The use of hydroxychloroquine and chloroquine prescription medications for treating COVID-19 are “unproven and potentially dangerous,” the Health Department said in a statement today.

These two medications have been used to treat malaria and inflammatory conditions. The Health Department cited the Centers for Disease Control and Prevention, saying there is no specific medicine to treat COVID-19 and no vaccine currently available.

“Hydroxychloroquine and chloroquine can cause severe cardiac toxicity, and in high doses over a long duration, can cause retinal damage and lead to permanent blindness,” said Dr. Alvin Bronstein, DOH Emergency Medical Services and Injury Prevention System Branch Chief, in a statement. “Individuals using these medications without physician supervision run serious risks of side effects and potential overdoses. Other medications are being touted, but nothing has been proven to be effective and may even do more harm than good.”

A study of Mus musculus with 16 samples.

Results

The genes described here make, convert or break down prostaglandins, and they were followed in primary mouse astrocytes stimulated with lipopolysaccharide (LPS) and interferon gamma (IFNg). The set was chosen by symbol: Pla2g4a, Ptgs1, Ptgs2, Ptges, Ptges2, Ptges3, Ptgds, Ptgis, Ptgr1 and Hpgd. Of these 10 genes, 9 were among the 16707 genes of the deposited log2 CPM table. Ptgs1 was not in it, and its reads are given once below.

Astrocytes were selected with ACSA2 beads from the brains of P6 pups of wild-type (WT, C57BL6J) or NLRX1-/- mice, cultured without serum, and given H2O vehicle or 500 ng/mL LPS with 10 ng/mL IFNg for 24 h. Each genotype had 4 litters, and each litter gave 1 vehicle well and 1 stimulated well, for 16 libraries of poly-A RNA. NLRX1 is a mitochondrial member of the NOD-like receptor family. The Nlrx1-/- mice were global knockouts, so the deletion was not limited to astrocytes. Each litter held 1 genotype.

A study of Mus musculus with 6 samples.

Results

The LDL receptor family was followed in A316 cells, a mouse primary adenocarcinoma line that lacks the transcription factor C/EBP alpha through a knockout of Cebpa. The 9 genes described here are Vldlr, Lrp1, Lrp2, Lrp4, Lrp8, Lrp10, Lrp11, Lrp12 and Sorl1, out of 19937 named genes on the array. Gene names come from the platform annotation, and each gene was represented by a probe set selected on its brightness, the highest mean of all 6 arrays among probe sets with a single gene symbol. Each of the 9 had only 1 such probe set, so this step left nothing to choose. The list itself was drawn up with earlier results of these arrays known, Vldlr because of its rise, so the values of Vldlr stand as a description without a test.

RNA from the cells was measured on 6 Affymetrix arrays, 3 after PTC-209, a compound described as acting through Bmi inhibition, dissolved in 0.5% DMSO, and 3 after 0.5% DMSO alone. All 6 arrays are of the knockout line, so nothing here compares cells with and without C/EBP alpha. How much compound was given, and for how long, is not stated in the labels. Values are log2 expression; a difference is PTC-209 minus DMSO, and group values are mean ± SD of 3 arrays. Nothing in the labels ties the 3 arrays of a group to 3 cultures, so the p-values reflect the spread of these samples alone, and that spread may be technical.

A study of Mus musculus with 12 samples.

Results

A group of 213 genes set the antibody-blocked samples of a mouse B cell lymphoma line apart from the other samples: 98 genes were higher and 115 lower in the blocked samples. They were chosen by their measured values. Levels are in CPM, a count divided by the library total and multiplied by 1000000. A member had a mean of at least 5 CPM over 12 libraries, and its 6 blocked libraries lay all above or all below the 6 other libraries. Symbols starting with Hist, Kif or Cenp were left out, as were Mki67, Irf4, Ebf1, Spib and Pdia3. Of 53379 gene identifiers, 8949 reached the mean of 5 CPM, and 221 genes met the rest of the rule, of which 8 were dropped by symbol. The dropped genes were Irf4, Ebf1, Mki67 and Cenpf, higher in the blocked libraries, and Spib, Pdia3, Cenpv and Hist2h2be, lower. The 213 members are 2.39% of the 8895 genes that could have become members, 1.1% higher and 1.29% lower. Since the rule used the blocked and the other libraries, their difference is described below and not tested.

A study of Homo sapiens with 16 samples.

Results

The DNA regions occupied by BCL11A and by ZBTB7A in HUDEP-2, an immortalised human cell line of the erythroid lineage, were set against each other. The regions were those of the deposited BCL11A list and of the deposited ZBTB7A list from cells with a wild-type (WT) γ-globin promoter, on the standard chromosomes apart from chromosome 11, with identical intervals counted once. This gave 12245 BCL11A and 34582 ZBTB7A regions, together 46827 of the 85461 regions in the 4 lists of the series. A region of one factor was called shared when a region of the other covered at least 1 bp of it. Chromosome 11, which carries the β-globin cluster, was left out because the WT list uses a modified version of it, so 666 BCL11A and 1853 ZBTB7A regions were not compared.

The Health Department said the American Association of Poison Control Centers issued a warning on March 25 about the dangers of using hydroxychloroquine to treat coronavirus.

“While chloroquine/hydroxychloroquine has demonstrated benefits for multiple chronic autoimmune and rheumatologic diseases, the benefit for treatment of COVID-19 has not been definitively established,” the AAPCC said. “It is critical that any use of these medications is coordinated with a treating physician with full understanding of the potential risks and benefits.”

Hydroxychloroquine is used for treatment of rheumatoid arthritis and lupus erythematosus. Chloroquine has been demonstrated to be effective for malaria, lupus and chronic rheumatoid arthritis, but has significant side effects, including gastrointestinal distress and potential permanent vision damage.

The Health Department urged those who have taken chloroquine or hydroxychloroquine and are experiencing adverse reactions to call 911, the Hawaii Regional Poison Center at 1-800-222-1222, or seek immediate medical care.